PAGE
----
One of the speculations I have made from time to time is that the very assumptions underlying neoclassical economic theory are so flawed in comparison with reality that the theory, while elegant, and able to generate wonderfully pretty mathematical graphs, is deeply flawed.
One such problem is that neoclassical economic theory made use of the mathematics of 19th century Newtonian physics. And just as quantum theory and the theory of relativity gave rise to startlingly different results, if one applies 20th century physics to economic theory, the entire notion of equilibrium breaks down, and one sees radically different predicted results.
Now, along comes Professor Avinash D. Persaud and gives a pointed example. Once you import the Heisenberg uncertainty principle into financial risk models, then instead of generating a stable equilibrium, they drive investors over a cliff:
[Some] have questioned why risk models, which are at the centre of financial supervision, failed to avoid or mitigate today’s financial turmoil. There are two answers to this...but many regulators and central bankers chose to ignore them both.
The technical explanation is that market-sensitive risk models used by thousands of market participants work on the assumption that each user is the only person using them....
In today’s flat world, market participants from Argentina to New Zealand have the same data.... [and] move into the favoured markets and out of the unfavoured.... [U]nder the weight of the herd, favoured instruments cannot remain undervalued, uncorrelated and low risk. They are transformed into the precise opposite.
When a market participant’s risk model detects a rise in risk in his portfolio, perhaps because of some random rise in volatility, and he tries to reduce his exposure, many others are trying to do the same thing at the same time with the same assets. A vicious cycle ensues of vertical price falls prompting further selling. Liquidity vanishes down a black hole. The degree to which this occurs is less to do with the precise financial instruments, but more with the depth of diversity of investor behaviour. Paradoxically, the observation of areas of safety in risk models, creates risks and the observation of risk, creates safety.
Quantum physicists will note a parallel with Heisenberg’s uncertainty principle.
Policy makers cannot claim to be surprised by all of this. The observation that market-sensitive risk models, increasingly integrated into financial supervision in a prescriptive manner, was going to send the herd off the cliff edge was made soon after the last round of crises. Many policy officials in charge today, responded then that these warnings were too extreme to be considered realistic.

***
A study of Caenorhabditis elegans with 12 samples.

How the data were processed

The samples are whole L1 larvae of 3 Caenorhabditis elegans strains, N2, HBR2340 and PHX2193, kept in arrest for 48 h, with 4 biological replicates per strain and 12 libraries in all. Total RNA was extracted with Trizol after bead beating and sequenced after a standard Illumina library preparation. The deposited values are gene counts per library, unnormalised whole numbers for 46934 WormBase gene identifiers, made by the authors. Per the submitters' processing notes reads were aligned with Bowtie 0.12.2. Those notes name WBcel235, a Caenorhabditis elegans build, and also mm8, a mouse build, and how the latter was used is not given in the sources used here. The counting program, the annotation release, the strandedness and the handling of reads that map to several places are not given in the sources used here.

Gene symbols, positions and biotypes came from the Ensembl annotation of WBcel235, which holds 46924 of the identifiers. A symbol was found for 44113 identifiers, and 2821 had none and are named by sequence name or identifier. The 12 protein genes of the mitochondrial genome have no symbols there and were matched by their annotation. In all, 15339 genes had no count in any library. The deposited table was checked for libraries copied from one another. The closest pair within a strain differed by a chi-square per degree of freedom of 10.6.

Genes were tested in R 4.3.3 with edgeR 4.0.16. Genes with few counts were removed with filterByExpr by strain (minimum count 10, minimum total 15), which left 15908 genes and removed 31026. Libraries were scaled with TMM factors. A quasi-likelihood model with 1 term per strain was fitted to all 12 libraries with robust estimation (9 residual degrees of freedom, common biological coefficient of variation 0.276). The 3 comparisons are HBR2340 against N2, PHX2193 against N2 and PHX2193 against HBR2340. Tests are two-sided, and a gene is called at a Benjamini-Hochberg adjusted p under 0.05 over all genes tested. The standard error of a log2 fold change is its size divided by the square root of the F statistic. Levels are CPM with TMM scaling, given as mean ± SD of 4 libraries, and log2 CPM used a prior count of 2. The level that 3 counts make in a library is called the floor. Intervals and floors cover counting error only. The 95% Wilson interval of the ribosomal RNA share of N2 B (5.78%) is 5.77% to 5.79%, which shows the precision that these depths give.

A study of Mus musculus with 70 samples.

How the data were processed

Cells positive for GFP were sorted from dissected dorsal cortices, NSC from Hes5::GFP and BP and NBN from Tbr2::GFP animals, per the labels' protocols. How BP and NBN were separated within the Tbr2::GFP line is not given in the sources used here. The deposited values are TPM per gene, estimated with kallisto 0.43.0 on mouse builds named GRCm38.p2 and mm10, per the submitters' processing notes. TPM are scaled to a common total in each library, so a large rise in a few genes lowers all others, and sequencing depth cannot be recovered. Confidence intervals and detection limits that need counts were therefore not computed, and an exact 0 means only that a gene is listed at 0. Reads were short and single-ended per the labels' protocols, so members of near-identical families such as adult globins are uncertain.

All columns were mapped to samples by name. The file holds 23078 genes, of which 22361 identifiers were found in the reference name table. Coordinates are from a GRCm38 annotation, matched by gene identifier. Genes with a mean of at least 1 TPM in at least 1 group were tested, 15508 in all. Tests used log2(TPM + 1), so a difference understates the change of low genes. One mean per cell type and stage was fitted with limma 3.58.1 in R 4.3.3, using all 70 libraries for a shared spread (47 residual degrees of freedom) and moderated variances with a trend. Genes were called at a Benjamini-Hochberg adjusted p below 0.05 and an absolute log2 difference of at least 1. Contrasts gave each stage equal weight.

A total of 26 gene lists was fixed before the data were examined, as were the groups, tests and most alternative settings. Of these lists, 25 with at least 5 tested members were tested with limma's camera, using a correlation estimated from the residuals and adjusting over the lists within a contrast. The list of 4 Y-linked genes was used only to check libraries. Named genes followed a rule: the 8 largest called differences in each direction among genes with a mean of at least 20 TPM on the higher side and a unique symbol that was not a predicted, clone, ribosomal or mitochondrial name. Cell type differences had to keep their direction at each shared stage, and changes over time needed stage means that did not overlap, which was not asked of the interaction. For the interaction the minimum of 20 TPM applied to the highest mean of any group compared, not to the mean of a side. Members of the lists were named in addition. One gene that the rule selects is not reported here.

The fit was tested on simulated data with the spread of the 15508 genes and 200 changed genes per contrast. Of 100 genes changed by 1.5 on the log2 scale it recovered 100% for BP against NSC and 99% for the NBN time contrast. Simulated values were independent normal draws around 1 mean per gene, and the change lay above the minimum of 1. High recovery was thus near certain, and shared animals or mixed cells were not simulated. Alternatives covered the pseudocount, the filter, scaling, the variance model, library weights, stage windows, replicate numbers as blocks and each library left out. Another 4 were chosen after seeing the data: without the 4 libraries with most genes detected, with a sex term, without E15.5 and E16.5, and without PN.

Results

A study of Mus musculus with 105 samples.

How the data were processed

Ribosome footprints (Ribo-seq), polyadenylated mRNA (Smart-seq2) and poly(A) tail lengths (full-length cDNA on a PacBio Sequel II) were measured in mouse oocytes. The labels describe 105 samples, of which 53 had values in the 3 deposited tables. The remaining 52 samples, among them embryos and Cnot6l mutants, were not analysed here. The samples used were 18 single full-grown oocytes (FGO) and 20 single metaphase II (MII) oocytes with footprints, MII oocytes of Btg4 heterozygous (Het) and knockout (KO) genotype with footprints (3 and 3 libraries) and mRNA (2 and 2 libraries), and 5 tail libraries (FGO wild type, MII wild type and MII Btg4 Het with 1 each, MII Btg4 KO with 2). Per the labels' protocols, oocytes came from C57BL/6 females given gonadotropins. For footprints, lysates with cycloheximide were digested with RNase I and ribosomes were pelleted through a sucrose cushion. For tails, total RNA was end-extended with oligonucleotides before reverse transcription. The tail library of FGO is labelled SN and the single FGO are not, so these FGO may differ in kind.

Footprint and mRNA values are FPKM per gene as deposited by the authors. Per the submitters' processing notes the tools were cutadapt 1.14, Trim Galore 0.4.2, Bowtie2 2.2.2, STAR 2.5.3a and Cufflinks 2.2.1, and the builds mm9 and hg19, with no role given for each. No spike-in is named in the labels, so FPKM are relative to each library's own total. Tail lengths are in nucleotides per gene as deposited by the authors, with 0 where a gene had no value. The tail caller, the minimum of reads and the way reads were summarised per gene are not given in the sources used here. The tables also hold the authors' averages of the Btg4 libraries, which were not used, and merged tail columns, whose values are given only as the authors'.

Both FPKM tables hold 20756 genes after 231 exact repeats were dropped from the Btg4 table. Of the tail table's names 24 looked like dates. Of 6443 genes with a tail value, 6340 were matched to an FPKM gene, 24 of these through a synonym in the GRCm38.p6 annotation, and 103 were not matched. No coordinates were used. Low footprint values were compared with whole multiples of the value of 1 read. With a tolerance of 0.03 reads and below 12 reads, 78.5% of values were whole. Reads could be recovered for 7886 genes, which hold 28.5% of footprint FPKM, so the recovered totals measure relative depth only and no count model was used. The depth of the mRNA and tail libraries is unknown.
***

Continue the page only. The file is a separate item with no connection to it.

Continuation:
Until neoclassical economic theory is successfully challenged on its basic premises, we will continue to get policy prescriptions which fail to rein in ruinous speculation, and reward the wealthy and powerful at the expense of the average citizen. Recognizing that seemingly small changes in its basic assumptions generate huge differences in results is a necessary start.
UPDATE 4/3/08: Here is another timely example of how the Heisenberg principle should be included in economic models, courtesy of Mike Shedlock, a/k/a Mish today:
While it's true the Fed typically only does what is expected, those expectations become distorted over time by observations of Fed actions.
For example: If market participants are expecting the Fed to cut on weakness and the Fed does, market participants gets into a psychology of expecting more cuts on more weakness. Here is another example: If market participants expect the Fed to cut rates when economic stress occurs, they will takes positions based on those expectations. These expectation cycles can be self reinforcing.
The Observer Affects The Observed
The Fed, in conjunction with all the players watching the Fed, distorts the economic picture. I liken this to Heisenberg's Uncertainty Principle where observation of a subatomic particle changes the ability to measure it accurately.
A good example of this is the 1% Fed Funds Rate in 2003-2004. It is highly doubtful the market on its own accord would have reduced interest rates to 1% or held them there for long if it did.
What happened in 2002-2004 was an observer/participant feedback loop that continued even after the recession had ended. The Fed held rates rates too low too long. This spawned the biggest housing bubble in history. The Greenspan Fed compounded the problem by endorsing derivatives and ARMs at the worst possible moment.